In his talk, Trevor Paglen will conduct a brief practical evaluation of the relationship between space, time, and epistemology in the philosophy of Nikolai Fedorov and the philosopher’s influence on some of his own work. Paglen’s aim is to illuminate the potential of Fedorov’s ideas for re-imagining political and epistemological frameworks, while nonetheless pointing out the difficulties and invalidities of Fedorov’s overall project.
Trevor Paglen is an award-winning artist whose work spans image-making, sculpture, investigative journalism, writing, and engineering. Among his chief concerns are learning how to see the current historical moment and developing the means to imagine alternative futures. Paglen has had solo shows at Vienna Secession, Van Abbemuseum Eindhoven, Frankfurter Kunstverein, and Protocinema Istanbul and has been part of group exhibitions at the Metropolitan Museum of Art, New York, and at Tate Modern, London, among others. He is the author of books and articles on experimental geography, state secrecy, military symbology, photography, and visuality.
Optimists of the Future Past Perfect
In his presentation, Areseny Zhilyaev uses Leo Trotsky's classification of the optimist in order to trace the appearance of infinity as one of capitalism's promises. On the one hand, potentially endless economic growth opened the vices of repeated circles of peasant's ordinary life. On the other, it became strictly optimized by the needs of the current time.. As a result Candide appeared to be an absolute optimist of the eternal present in the best of possible worlds. This is why only the Marxist plan, when supported by the revolutionary and the future optimist, can fulfill the initial capitalistic promise of infinity with help of a more rational optimization of production relations. Yet for Cosmist philosophers— who thought of the Bolshevik revolution as not revolutionary enough— this transformation did not get to the "subsoil of life". They argued that only a common conscious effort of mankind would conquer time by means of its scientific organisation and thus return all transfigured victims of the past. This event would complete the quest for infinity and explain the figure of the optimist as an optimist of a “future past perfect”.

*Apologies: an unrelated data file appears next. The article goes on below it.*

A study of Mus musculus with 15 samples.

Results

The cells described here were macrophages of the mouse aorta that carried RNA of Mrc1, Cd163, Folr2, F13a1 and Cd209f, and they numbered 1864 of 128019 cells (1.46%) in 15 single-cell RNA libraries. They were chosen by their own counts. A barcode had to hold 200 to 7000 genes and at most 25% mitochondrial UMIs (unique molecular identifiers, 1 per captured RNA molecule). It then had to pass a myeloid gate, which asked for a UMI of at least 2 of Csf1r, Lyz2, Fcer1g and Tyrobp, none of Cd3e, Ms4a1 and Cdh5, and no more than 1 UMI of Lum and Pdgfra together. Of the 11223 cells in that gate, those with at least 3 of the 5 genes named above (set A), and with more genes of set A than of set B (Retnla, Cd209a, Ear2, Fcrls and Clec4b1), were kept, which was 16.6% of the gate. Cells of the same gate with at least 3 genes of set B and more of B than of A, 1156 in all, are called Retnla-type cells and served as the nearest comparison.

Arseny Zhilyaev is an artist based in Moscow. In recent works he has examined the legacy of Soviet museology and the museum in Russian Cosmism. Among others, he has published articles in e-flux journal. Zhilyaev is editor of Avant-Garde Museology (2015). His works have been shown at the Gwangju Biennale, Liverpool Biennale, and at the Ljubljana Triennale as well as at exhibitions including at the Centre Pompidou and Palais de Tokyo, Paris; De Appel, Amsterdam; Kadist Art Foundation, Paris and San Francisco; and at the V-A-C Foundation in Moscow.
Anton Vidokle and Hito Steyerl:
Immortality for All!
Hito Steyerl and Anton Vidokle discuss the film trilogy Immortality for All!, in which artist Anton Vidokle probes Cosmism’s influence on the twentieth century and suggests its relevance to the present day. In Part One he returns to the foundations of Cosmist thought (This Is Cosmos, 2014). Part Two explores the links between cosmology and politics (The Communist Revolution Was Caused By The Sun, 2015) and Part Three restages the museum as a site of resurrection, a central Cosmist idea (Immortality and Resurrection for All!, 2017). Combining essay, documentary, and performance, Vidokle quotes from the writings of Cosmism’s founder Nikolai Fedorov and other philosophers and poets.
To the biographie...
Anton Vidokle is an artist and editor of e-flux journal. He was born in Moscow and lives in New York and Berlin. Vidokle’s work has been exhibited internationally at Documenta 13 and at the 56th Venice Biennale. His films have been presented at Bergen Assembly; Shanghai Biennale; the 65th and 66th Berlinale International Film Festival Forum Expanded; Gwangju Biennale; the Centre Pompidou, Paris; Tate Modern, London; Garage Museum, Moscow; Istanbul Biennial, and others.
Anselm Franke is a curator and writer based in Berlin. He is Head of the Department of Visual Arts and Film at Haus der Kulturen der Welt (HKW), where he co-curated Nervous Systems (2016), Ape Culture (2015), Forensis (2014), The Anthropocene Project (2013–14) and the exhibitions The Whole Earth and After Year Zero (both 2013), among others. In 2012 he co-curated the Taipei Biennial. Franke’s exhibition project Animism has been presented in Antwerp, Bern, Vienna, Berlin, New York, Shenzhen, Seoul, and Beirut in various collaborations from 2010 to 2014. Previously, Franke was curator at the KW Institute for Contemporary Art, Berlin, and director of Extra City Kunsthal, Antwerp. He completed his PhD at Goldsmiths College, University of London.